Moonpools


#1

Anyone know of large moonpools (say 15’ x 45’) being put into OSVs?


#2

I’ve seen a couple of what if scenarios involving pools that big for well completion kits and things. It starts getting fiddly with that big of a hole in the scantlings though. Deck and bottom plate scantlings start getting large or start to require high strength alloys that are very expensive.


#3

Some large CSVs have several moon pools to facilitate different activities, but none as large as 15’ x 45’ that I know of off the cuff.

By splitting the moon pools the problem of scantling strength and bending moment is greatly reduced relative to one large opening. (That is not the main reason for such arrangement, however)

As Captain of a small Drill ship with a large moon pool and insufficient strengthening to compensate for loss of longitudinal strength, I learnt that watching bending moments at all times was of utmost importance.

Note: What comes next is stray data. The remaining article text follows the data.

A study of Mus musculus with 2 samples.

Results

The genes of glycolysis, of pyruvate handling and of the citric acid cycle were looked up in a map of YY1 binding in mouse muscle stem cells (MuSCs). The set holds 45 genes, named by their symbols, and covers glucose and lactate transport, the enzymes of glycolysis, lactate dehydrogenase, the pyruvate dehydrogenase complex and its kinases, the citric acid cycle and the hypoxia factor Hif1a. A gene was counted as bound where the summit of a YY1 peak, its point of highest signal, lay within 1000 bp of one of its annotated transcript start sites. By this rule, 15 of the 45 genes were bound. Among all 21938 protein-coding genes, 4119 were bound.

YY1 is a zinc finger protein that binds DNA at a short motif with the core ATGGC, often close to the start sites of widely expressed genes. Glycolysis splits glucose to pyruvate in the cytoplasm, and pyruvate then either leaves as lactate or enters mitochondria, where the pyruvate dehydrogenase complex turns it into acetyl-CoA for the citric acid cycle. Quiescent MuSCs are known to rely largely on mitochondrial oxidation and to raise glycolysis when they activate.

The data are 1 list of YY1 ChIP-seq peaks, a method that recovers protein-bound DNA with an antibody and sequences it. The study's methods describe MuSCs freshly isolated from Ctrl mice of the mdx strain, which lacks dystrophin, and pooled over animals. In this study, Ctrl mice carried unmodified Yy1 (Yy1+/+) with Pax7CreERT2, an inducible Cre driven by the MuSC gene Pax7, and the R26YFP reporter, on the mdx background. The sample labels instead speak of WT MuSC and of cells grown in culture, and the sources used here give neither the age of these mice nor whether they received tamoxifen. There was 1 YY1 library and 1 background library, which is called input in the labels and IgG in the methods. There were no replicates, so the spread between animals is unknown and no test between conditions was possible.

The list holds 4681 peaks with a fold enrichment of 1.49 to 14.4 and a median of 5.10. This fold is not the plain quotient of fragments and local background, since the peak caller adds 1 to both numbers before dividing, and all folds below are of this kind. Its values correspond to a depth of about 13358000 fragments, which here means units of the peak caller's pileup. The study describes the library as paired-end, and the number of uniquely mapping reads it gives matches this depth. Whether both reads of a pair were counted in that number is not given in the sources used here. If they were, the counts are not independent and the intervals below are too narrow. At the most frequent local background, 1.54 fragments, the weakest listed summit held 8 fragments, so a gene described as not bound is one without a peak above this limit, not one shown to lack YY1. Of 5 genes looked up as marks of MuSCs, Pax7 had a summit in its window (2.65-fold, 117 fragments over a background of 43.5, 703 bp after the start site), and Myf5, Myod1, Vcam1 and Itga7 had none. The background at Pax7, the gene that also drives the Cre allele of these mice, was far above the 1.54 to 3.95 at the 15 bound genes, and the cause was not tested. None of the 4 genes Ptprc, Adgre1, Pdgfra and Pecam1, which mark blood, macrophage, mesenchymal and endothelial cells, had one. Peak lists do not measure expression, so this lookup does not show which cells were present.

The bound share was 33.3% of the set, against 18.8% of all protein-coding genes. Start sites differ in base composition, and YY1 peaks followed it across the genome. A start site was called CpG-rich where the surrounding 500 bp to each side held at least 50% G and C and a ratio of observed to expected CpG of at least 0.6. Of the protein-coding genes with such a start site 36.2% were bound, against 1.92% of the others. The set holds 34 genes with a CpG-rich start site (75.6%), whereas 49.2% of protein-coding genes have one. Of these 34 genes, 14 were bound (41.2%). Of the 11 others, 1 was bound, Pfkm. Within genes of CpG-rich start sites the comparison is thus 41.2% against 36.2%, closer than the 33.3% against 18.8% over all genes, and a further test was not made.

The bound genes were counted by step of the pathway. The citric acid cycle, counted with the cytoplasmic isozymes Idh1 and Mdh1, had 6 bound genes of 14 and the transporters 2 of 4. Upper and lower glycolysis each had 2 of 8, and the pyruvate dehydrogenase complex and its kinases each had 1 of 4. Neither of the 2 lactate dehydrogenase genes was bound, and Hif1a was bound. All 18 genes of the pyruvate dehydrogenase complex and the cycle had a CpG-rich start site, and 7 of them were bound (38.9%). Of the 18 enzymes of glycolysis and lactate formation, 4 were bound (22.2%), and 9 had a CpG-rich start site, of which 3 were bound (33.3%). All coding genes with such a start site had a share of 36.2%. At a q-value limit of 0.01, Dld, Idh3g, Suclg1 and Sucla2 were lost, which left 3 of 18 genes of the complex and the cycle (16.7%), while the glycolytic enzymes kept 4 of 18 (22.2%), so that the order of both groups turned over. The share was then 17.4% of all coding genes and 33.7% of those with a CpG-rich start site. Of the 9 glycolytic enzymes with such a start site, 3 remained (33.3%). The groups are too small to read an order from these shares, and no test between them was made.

#4

Interesting. I wonder if it is even possible in say an existing 165 x 58 OSV.


#5

I’m nothing like a naval architect, but if we’re dreaming up novel designs…

Could you have a sort of arbitrarily large moonpool if the ship was a catamaran? If you have the hulls say, 8 feet apart at the midship and let the port and starboard sides of the pool take 3.5’ bights out of each hull, then you have your 15’. Then if you made the hulls like 90 feet or more long, you could let each bight be 45’.

     /\           /\
      _____________
    /  \         /  \
      _____________
   /   _\______ /_   \
      |           |
  /   |           |   \ 
      |           |
  |   |___________|   |
      ______________
   \    /        \    /
      ______________
    \  /          \  /
    
     \/            \/

Can it be like this?


#6

Aweful wide for only a 165’.


#7

I agree, one of my last OSV’s was 200x56’ and it was odd looking.

I’m also not sure why you would even want to put a moonpool that large in that small of a vessel. It would be all moonpool and no deck space. Hell you wouldn’t have much machinery space either.


#8

I don’t know ‘why’ either. I was just taking a stab at ‘how’.


#9

Correction, length I was thinking of was 265 - not 165.


#10

The ship with the largest moonpool was the Glomar Explorer, built in the 60s to recover a sunken Russian submarine.